Shoes on, Shoes off

In the gym where I go in US, I always wear my barefoot shoes, and people often ask me about them. They look different and maybe a bit funny to people who aren’t used to them. On the other hand, I really like that people are curious and interested. So why barefoot shoes?

By barefoot shoes I mean shoes that have enough space for our toes. They don’t suppress them and they also have soft sole. They are lightweight, so walking in them is comfortable. They don’t have any heel or special arch support. The purpose of barefoot shoes is to strengthen our feet and help our muscles in the feet and legs to be more engaged.  When our walking is right, our toes work as sensors. We soften our steps and step with the toe first, which stretches the whole body.

Because of modern shoes, most of us don’t walk right.

We are spoiled from firm soles, which make us feel nothing on the ground. Our toes get lazy, and our arches collapse. As women, we sometimes wear heels to keep up with a certain style. But I’ll ask this. How do you feel in heels? Is it a big relief to take off your shoes after a long day?

Trust me, walking can be beautiful. I recommend with all ten toes on my feet to invest in barefoot shoes. There are plenty of brands, styles, and colors on today’s market, and I am sure you will find ones that you like. Walking and running in barefoot shoes is fantastic, and I also suggest walking without shoes as much as possible. You will certainly remember how it feels to walk outside, feel the road, grass, and stones. We often did it as children.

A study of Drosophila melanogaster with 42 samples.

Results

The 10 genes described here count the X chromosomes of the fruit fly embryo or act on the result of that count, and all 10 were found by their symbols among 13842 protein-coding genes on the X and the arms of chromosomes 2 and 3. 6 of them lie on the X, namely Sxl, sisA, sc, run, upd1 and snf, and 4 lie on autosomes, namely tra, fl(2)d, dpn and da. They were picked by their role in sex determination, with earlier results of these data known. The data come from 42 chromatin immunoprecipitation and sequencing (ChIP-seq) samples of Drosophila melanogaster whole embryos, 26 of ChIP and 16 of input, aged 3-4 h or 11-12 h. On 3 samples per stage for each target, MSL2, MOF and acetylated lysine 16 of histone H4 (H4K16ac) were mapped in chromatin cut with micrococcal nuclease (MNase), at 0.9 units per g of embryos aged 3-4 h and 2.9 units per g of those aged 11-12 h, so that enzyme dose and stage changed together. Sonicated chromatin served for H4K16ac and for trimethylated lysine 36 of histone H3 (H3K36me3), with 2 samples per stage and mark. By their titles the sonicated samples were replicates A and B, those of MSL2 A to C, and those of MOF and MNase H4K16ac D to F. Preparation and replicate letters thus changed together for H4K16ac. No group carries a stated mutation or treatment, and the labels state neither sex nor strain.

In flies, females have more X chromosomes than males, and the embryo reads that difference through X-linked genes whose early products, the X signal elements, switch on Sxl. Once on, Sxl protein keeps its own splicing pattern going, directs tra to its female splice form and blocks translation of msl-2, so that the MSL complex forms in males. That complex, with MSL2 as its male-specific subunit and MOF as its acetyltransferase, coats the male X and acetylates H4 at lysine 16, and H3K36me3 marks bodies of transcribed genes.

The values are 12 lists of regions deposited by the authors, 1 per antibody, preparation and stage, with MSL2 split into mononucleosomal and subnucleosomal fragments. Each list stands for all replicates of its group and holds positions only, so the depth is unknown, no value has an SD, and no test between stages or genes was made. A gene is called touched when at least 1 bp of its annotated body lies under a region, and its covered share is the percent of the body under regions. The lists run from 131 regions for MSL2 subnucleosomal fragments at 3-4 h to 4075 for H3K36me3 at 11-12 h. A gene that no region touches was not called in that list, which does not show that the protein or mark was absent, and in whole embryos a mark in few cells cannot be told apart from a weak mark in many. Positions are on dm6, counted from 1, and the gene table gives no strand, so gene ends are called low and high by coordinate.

The stability of our whole body starts in the soles of our feet.

Take care of your feet regularly, and you will appreciate it later on. Here are a few exercises that help your circulation and keep your feet strong.

  1. Heel-toes, heel-toes. Stretch your feet out heel-first, then toes-first, and alternate back and forth.
  2. Circles. Make circles with your feet when sitting, use some free time in the office or when commuting.
  3. Clench your toes while sitting or standing. Try clenching just a little bit and then as hard as you can. Can you bend just your big toes? Make your toes exercise and listen to you.
  4. Stretch your toes apart. Stand still and stretch your toes apart as much as you can and then rest on floor. Do you feel them waking up?
  5. Separate movement. Stand still and move just your big toe up and down from the floor. For a challenge, move only your second toe. Is it harder?

I am not a physiotherapist, just a lover of movement of any kind–including toes. If you find this interesting I recommend finding a physiotherapist who will help you with waking your feet up and helping correct your posture while standing and walking.

I cross my toes for you,


Translation with the help of Ellie Farrier


I am a Montessori teacher, a woman, and an admirer of nature. My passion is keeping my household ecological and gentle. I have been making changes in my life and home for the last few years, with intention of living a more fulfilling life with the smallest burden on nature as possible. I love to share my experiences and I like to show others that these changes can be joyful and easy to apply.